So I got lost today. In the Harriman State Park, without a cell phone reception, or a trail map, or anyone knowing where I was. Which is funny-ha-ha now, but wasn’t so funny a few hours ago when I had the panicky thought that one day a deer will stumble over my not-so-scrumptious remains, sniff snootily and wander off again.
I mean, how hard can it be to navigate through the forest, when there are clearly marked trails? Obviously I’m not the experienced hiker I think myself to be. In the city, it’s easier to orientate yourself. Besides the simple grid structure, there are clear signposts such as the Pret A Manger corner store, the cute little church, the California Pizza Kitchen, Duane Reade, and the like. But in the forest?
Anyways, I finally did manage to retrace my steps and find my way back, and I can tell you, I was never so glad to see a familiar tree.
I’m not usually scared of stuff or of life in general, but this time…. So for the next hike, I will make sure to have a map with me. And definitely more food in my backpack.
The weather this week has been fantastic, and I’m trying to cram in as many hikes in as possible before Saturday. That’s our official move-in day, and after that, Alex will need to use our car to commute 45 minutes to work, and the frequency of my beloved nature walks will be determined by public transport, or lack thereof. I feel like the Catholic who’s intentionally overdosing right before Lent.
Speaking of religious observances. All Hallows’ Eve came and went. And thanks to Chad and Paula, we had a fabulous time. Spent the weekend in the cutest little area of the world, ever. Taking walks, eating loads, playing dress up, scaring little children.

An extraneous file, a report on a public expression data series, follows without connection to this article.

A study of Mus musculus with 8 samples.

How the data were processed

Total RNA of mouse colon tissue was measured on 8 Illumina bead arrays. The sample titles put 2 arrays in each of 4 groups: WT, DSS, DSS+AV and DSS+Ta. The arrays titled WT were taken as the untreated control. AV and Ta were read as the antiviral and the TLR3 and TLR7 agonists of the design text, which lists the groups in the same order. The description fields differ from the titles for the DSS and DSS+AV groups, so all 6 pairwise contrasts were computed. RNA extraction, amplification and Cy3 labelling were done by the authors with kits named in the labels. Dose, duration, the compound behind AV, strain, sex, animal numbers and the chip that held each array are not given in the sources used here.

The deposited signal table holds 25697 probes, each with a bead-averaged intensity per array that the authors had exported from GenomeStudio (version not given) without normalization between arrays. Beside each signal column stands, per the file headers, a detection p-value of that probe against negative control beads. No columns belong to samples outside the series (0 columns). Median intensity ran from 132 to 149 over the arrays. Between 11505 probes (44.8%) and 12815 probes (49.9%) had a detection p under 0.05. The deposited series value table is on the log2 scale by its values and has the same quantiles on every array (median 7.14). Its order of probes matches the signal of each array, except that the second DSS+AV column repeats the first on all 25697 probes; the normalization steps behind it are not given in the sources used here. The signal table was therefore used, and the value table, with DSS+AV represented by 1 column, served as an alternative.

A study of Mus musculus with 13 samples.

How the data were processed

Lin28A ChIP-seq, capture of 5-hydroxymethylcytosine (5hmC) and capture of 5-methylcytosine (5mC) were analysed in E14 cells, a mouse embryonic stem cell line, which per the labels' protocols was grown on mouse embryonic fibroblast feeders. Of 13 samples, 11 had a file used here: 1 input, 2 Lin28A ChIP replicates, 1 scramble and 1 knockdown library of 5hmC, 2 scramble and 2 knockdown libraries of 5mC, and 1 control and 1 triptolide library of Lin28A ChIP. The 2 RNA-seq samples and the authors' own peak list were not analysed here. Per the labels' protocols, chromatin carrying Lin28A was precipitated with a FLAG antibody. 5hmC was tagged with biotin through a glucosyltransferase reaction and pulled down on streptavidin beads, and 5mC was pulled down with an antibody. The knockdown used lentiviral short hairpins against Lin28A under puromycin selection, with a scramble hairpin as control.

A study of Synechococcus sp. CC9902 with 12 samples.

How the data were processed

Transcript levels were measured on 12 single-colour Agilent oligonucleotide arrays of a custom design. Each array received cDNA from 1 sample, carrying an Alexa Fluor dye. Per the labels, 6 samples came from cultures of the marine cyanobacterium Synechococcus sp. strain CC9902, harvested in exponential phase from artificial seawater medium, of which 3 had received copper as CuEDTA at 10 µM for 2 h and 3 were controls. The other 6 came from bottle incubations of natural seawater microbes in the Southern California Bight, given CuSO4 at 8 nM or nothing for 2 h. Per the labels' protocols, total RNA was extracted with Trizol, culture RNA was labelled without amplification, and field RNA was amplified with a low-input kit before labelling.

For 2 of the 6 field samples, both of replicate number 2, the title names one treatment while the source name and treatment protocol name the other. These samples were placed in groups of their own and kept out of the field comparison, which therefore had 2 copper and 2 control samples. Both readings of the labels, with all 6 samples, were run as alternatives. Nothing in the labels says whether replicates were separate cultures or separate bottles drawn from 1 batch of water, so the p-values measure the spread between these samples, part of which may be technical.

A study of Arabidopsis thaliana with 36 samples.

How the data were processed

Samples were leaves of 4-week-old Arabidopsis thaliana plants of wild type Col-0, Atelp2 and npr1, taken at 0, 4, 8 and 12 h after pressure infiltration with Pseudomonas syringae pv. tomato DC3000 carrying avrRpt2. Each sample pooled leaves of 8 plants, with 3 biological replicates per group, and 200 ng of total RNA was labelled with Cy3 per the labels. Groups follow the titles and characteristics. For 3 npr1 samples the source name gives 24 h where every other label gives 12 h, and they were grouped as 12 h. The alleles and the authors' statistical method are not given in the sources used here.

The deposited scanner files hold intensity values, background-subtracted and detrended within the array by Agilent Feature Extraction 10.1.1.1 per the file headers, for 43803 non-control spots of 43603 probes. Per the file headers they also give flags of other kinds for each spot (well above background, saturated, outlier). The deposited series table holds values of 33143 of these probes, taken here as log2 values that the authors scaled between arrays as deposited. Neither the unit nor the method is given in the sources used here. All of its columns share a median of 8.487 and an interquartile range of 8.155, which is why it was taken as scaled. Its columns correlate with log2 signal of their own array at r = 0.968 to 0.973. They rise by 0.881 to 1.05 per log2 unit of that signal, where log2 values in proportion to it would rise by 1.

Alex and I stayed at a quaint little B&B on the Pennsylvania side of the Delaware River, across the bridge from the sweet village of Stockton, New Jersey.
We took a stroll by the tow path along the river and chatted with friendly dog-owners and had brunch at a cozy place called Lovin’ Oven with Paula, Chad and their lovely friends. I ordered gluten and dairy free apple jacks, Alex had a pomegranate and apple juice. After which followed a walk through the twee Frenchtown with our new-found friends. That night, after the sun has set, the whole town was ablaze in all things Halloween – pumpkins and spooky things – and we partook in the festivities.
What was amazing was how graciously we were welcomed in people’s homes, where strangers came up and talked to us out of curiosity and friendliness. Among the many lovely people we met on the weekend was a filmmaker, a cookbook author and chef and a photographer. I’m like ‘Are you kidding me?’ It took me forever to find like-minded creatives in Munich, and here it happens just like that, 5 weeks into our stay. The whole weekend was as sweet and as American as apple pie. We had such a blast, I think we will have to go back again.
All of that thanks to our friends. It is such a blessing to know Paula and Chad. They give our new and strange day-to-day a normality. They’ve helped us adjust, introduced us to new places, shared their friends.
The two of them also lived in Munich at one point. Chad and I first met through a mutual friend way back when. Expats the world over know how important the right friends are. Without relatives around, your friends become family. You bond, fight, laugh and cry; you go through the worst and best moments of your lives together; you’re each other’s support. Even if we’re a bit more spread out now, our gang is still quite strongly connected to each other, and I think and hope that we will always be. Besitos! to Paula and Chad, and to the gang, for being part of our lives.
So on that note, I will listen to some more gamelan I think. One day, I will be master of my gangsa! (insert evil laughter) Until then, practice, practice, and more practice. Oi vey.